Moment to moment, we are adapting spontaneously to our environment — navigating work, relationships and an ever-evolving socio-economic landscape. Without really knowing it, our bodies are in an abiding process of regeneration.
The definition of healing is to become whole again. Yoga and Ayurveda are healing sciences grounded in the mysterious reality that our bodies are in a persevering practice of balance. The Sanskrit word for this is sattva. Sattva means harmony, and it is the aim of our daily sadhana, or spiritual exercise.
There are three ways we take in prana, or life force energy: through breath, food and sensory input/output. Pratyahara is the first stage in Patanjali’s eight limbs of yogic meditation, and it means to nourish the senses. We can apply this same idea to the way we breathe and the food we eat. The intention is to nourish and restore a soft, peaceful balance to our system.
When I think about eating a sattvic diet, I liken it to eating a heart-based diet. What is possible when you eat food that makes you feel more connected to the earth and to your spirit? In Ayurveda we recognize that everyone is different, so eating a heart-based diet is going to be unique to you. In general, Ayurveda encourages fresh, seasonal and simple foods for ultimate vitality and wellbeing. Let’s look at five of them here.
The chickpea (or garbanzo bean, Bengal gram or Egyptian pea) is a staple in the plant- based diet. A legume that many can tolerate, it is a key ingredient in chana masala and beloved hummus. Chickpeas are a good source of protein, dietary fiber and potassium. Cooking them has been proved to increase protein digestibility for many folks. Chickpeas are sweet, astringent and cooling therefore decreasing pitta (sometimes increasing vata and kapha).
Cardamom is a sweet and warming spice that is used medicinally and favorably in cooking. It assists in synchronizing sugar and water metabolism, promotes healthy circulation and minimizes nausea. Most people love the taste and smell of cardamom and therefore use it to comfort and calm the heart-mind by cooking with it or applying it topically as an essential oil. The sweet taste and smell of cardamom is balancing for all doshas. Cardamom can also be used to aid in the digestion of dairy products.
Cilantro is cooling, making it a great food for summer time. It is pitta pacifying and is used medicinally for skin allergies, hay fever, sore throat and hyperacidity. It cleanses the blood and bile and helps with urinary tract infections. Cilantro and coriander are the same plant. All parts of the plant are edible, but the fresh leaves and the dried seeds are the parts most traditionally used in cooking. Enjoy your favorite hot and spicy meals by topping them with cilantro to cool the digestive effect.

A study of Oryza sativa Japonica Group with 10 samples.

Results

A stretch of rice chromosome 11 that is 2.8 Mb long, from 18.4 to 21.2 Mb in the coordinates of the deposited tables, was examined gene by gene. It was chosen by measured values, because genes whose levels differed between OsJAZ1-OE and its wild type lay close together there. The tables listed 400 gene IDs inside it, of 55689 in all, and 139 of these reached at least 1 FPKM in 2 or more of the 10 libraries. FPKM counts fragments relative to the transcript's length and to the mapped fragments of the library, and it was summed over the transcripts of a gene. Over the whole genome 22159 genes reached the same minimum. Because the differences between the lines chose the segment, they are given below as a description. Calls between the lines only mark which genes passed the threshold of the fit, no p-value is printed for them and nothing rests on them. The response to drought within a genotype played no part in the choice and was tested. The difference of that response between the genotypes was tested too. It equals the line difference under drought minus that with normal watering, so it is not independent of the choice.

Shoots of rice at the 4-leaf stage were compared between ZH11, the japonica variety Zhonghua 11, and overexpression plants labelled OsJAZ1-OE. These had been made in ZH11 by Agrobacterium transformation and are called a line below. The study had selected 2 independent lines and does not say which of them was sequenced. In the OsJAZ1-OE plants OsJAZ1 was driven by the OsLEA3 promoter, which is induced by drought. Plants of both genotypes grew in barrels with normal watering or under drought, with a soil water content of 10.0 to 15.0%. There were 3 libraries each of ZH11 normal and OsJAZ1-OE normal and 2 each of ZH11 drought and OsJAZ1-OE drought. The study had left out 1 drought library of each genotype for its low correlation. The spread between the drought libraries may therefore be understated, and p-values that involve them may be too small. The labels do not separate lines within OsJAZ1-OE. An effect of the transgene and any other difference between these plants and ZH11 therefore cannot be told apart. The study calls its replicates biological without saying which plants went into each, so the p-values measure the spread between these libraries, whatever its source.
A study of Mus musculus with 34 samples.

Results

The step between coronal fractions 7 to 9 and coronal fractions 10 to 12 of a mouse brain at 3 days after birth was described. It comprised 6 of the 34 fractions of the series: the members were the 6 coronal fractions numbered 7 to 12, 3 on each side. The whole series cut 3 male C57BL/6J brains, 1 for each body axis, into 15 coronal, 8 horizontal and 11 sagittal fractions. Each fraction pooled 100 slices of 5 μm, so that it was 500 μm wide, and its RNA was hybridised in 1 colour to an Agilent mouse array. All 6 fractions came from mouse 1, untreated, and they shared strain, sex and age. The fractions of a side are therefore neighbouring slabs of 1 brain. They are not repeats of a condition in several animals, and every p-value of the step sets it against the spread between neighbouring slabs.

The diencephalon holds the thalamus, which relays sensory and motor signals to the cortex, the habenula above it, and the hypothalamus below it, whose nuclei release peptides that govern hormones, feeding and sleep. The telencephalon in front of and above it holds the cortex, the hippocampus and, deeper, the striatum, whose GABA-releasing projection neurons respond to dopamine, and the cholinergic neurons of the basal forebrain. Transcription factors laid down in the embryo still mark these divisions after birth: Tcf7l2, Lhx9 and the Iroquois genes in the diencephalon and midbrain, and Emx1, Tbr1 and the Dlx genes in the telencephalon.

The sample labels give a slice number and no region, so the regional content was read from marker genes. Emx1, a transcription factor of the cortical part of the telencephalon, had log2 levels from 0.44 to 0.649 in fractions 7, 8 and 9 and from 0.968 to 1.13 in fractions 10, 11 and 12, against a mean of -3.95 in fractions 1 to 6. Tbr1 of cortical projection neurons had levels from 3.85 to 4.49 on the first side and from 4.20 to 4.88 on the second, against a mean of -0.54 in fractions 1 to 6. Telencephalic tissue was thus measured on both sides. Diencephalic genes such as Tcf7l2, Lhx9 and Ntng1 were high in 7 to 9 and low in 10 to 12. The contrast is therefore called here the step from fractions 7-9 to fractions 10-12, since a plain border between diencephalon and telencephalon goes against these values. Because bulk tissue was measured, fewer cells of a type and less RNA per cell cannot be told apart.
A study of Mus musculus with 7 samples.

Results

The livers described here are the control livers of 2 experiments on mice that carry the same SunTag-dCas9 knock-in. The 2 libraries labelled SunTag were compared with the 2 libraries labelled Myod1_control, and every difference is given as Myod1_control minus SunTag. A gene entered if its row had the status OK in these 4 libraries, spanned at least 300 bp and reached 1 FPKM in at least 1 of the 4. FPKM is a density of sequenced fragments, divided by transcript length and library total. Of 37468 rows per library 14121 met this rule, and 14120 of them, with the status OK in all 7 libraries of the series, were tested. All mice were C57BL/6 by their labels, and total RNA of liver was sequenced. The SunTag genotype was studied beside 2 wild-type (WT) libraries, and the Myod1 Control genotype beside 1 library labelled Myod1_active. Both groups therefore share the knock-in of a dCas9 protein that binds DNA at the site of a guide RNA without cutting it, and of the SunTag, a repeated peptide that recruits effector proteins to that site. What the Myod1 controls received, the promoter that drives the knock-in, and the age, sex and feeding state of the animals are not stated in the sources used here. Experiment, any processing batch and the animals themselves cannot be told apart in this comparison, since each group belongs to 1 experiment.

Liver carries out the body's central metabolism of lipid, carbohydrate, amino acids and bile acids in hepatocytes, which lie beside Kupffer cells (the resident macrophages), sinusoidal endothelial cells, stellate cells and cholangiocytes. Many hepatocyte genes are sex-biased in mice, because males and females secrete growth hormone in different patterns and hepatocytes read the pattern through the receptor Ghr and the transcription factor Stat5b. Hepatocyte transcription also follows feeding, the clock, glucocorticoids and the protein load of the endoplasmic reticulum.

Fennel is a flowering plant species in the carrot family. The bulb, foliage and seeds are used in many culinary traditions, but originally, it is from the Mediterranean region. It is sweet, pungent and warming. It is good for abdominal pain due to gas, indigestion and menstrual cramps. Dr. David Frawley, an American Hindu teacher, considers fennel to be “perhaps the most balanced and sattvic of all spices.”
Seaweed refers to several species of algae, and as we all know, it grows in the ocean. Edible seaweed is salty, astringent and cooling. It is rejuvenating for your plasma, which is what delivers nutrients to your tissues, muscles, organs and bones. In Ayurveda, seaweed is recognized medicinally for its ability to balance the thyroid. While seaweed in excess can aggravate vata types, it is generally a healthy food item to implement into your diet, especially if you don’t live close to a coast.
Coconut Curried Chickpea Recipe
1/4 cup neutral oil such as avocado or grapeseed
2 15 oz cans of chickpeas rinsed and drained
1 15 oz can of coconut milk
2 cups basmati rice
1 medium onion finely chopped
2 medium tomatoes finely chopped
4-5 cloves garlic crushed
1-inch piece ginger crushed
3/4 tsp cumin seeds
2 tsp coriander powder
1/2 tsp turmeric powder
1 tsp paprika powder
11/4 tsp salt or to taste
1/2 tsp garam masala or chaat masala powder
1 tsp freshly squeezed lemon juice
2-3 Tbsp cilantro leaves chopped
- Cook basmati rice in your rice cooker and set aside.
- Add oil, cumin seeds and chopped onion to a medium-sized saucepan, and heat on medium-high. Sauté for about one minute.
- Add crushed garlic and ginger, chopped tomatoes, chickpeas and all remaining spices, and stir for another minute or two.
- Add coconut milk to the mixture and bring to a boil, then lower to a simmer for 10 to 20 minutes until chickpeas are tender to your preference.
- Stir in lemon juice and season to taste.
- Serve over rice and top with chopped cilantro leaves.
Originally published in the Summer + Fall 2021 issue
Morgan Kulas was introduced to yogic studies as a young dancer in art school. She has been a devoted student of Hatha Yoga, Daoyin Arts and Zen since 2005. She has been teaching since 2011. She is a certified Ayurvedic Wellness Coach through The American Institute of Vedic Studies, her teacher is Dr. David Frawley. Morgan is also an artist currently receiving her MFA in Interdisciplinary Art and Regenerative Culture at University of Hartford. Her mission is to restore connections between people and the earth through community centered movement and meditation offerings. Learn more about her creative work and educational offerings at morgankulas.com.